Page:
Czech EU Presidency fights for mother-in-the-home

The Czech Republic is possibly the most secular country in Europe today, if not the world. Currently it holds the Presidency of the European Union and will do so until the end of June. Like all countries which hold the presidency, it has its own programme of action. 

Part of its programme deals with family life, and specifically the relationship between work and the family. In this regard, it inevitably has a view on child-care. 

What may surprise many people given the secular nature of Czech society is the strong support the Czech Presidency is giving to women who choose to raise their children in the home. Unlike our Government, the Czech Government feels no sense of embarrassment about this and obviously does not feel intimated by those who which downplay home childcare in favour of out-of-home, professional, preferably State-subsidised childcare. 

The Work Programme document of the Czech Presidency states that the Czechs wish to “stress the importance of home childcare as a fully fledged alternative to a professional career, an alternative that deserves both respect and support from the state and society.” 

Of course, what the Czechs are doing is recognising the reality that many women want to look after their children in the home and don’t wish to work full-time. Would that other Governments would recognise the same.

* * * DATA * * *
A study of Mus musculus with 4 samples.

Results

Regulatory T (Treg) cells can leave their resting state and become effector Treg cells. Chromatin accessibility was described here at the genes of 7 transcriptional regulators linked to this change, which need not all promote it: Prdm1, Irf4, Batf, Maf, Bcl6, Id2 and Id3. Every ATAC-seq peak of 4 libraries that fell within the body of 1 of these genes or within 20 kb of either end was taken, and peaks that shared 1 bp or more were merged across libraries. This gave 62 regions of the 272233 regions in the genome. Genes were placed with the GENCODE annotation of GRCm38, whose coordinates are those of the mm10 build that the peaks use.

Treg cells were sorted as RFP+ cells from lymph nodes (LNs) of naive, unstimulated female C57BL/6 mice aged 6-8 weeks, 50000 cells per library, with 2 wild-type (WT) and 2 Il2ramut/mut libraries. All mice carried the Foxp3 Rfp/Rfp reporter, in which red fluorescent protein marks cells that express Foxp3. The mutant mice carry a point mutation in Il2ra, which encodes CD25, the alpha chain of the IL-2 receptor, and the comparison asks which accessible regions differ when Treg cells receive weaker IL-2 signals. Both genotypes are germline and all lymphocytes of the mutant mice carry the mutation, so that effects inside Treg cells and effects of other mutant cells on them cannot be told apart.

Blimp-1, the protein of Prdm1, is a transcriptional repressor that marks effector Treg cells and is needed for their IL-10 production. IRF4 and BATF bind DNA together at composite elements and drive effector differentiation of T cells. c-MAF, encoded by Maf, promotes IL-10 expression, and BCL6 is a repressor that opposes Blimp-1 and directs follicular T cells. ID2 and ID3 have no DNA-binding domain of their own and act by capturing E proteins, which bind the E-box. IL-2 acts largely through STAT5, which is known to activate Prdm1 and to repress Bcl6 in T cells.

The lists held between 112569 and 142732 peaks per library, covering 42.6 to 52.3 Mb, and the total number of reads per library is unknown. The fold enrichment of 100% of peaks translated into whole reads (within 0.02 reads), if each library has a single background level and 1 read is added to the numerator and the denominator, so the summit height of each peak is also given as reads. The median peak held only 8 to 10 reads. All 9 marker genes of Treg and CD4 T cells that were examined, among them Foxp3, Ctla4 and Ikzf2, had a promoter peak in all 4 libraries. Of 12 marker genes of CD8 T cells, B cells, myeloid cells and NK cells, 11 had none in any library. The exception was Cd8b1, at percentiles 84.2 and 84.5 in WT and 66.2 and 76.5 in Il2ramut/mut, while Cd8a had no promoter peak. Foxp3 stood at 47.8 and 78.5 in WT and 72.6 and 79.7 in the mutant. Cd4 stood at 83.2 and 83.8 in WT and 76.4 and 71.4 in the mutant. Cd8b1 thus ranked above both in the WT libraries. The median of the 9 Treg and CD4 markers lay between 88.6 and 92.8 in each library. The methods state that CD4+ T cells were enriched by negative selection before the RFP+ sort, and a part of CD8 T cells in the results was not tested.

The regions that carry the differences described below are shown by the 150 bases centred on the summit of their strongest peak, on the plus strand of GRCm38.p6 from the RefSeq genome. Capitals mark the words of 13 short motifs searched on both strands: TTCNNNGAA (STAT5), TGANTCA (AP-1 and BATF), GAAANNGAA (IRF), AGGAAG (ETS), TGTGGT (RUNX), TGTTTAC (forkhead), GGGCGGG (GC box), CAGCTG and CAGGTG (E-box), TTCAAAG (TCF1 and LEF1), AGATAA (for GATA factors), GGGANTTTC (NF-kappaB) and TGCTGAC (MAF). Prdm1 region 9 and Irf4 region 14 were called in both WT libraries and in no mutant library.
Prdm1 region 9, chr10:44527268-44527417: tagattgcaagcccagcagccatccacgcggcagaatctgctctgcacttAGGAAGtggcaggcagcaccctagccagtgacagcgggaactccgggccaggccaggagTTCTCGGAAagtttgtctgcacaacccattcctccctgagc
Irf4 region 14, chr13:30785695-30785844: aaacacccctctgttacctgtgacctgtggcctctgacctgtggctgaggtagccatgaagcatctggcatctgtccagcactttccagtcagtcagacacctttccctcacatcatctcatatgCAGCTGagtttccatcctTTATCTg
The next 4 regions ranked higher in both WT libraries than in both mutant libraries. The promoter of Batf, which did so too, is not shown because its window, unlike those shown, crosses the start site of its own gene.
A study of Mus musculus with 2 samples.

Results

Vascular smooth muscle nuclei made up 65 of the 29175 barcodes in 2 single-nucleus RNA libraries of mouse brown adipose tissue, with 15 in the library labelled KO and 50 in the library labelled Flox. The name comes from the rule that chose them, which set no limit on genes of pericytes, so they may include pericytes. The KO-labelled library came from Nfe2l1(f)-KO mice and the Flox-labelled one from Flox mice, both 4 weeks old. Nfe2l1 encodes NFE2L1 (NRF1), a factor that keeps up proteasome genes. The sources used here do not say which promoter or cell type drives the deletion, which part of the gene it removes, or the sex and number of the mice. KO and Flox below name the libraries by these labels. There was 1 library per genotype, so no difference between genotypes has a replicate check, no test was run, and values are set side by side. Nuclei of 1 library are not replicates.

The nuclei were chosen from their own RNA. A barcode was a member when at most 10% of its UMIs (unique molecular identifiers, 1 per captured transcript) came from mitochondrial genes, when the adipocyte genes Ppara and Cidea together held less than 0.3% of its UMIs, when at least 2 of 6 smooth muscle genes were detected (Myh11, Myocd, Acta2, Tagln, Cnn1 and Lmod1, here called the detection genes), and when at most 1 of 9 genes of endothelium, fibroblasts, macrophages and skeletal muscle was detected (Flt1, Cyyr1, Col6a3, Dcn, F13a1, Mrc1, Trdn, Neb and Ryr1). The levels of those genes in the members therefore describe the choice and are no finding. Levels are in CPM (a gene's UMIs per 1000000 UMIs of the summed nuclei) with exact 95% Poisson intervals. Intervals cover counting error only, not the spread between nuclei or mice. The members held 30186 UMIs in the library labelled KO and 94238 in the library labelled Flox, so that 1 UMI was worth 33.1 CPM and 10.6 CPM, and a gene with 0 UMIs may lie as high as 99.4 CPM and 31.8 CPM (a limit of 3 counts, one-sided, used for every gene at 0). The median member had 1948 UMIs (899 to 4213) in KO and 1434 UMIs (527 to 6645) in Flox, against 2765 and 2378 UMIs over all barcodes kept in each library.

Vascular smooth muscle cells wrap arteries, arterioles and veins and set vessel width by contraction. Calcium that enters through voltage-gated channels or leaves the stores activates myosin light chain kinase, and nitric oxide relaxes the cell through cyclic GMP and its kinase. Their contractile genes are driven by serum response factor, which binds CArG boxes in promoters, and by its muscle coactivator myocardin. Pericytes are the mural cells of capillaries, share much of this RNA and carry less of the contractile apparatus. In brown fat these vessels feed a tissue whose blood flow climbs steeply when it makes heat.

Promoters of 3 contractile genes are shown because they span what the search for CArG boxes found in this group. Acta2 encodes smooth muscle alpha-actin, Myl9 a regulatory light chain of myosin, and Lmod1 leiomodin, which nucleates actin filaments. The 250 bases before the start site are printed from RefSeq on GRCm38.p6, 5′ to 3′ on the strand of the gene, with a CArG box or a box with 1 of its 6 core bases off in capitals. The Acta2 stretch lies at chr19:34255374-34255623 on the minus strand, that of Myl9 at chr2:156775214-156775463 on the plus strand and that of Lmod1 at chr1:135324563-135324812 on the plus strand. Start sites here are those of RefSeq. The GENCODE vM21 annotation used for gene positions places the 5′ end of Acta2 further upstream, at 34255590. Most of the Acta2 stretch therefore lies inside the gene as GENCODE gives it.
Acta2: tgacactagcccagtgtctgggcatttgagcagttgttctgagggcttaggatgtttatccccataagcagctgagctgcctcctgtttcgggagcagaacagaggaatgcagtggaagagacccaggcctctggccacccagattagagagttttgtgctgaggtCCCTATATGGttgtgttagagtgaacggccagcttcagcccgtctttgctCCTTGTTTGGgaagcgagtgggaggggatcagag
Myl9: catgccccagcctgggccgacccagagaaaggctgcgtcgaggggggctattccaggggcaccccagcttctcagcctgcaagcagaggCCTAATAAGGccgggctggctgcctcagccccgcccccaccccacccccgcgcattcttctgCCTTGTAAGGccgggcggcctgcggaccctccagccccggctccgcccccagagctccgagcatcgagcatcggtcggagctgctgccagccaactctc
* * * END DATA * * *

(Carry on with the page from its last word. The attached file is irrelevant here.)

Here is the relevant wording of the Work Programme in full: 

‘As part of the European debate on the promotion of employment and reconciliation of working, personal and family lives, the Presidency will focus on the issue of parental childcare and its relation to employment policy and stress the importance of home childcare as a fully fledged alternative to a professional career, an alternative that deserves both respect and support from the state and society. It will put emphasis on respect for the autonomy and freedom of choice for families, on the qualitative aspect of care services, the socio-cultural environment and the historical experience of Member States. These issues will constitute the theme of a Presidency conference and the informal meeting of Ministers for Family Policy. At the informal meeting, the Presidency will, in light of the above, propose opening a debate on a possible review of the Barcelona objectives in the field of pre-school childcare services. The Presidency will also continue discussing legislative proposals of the European Commission aimed at the reconciliation of work, personal and family life.’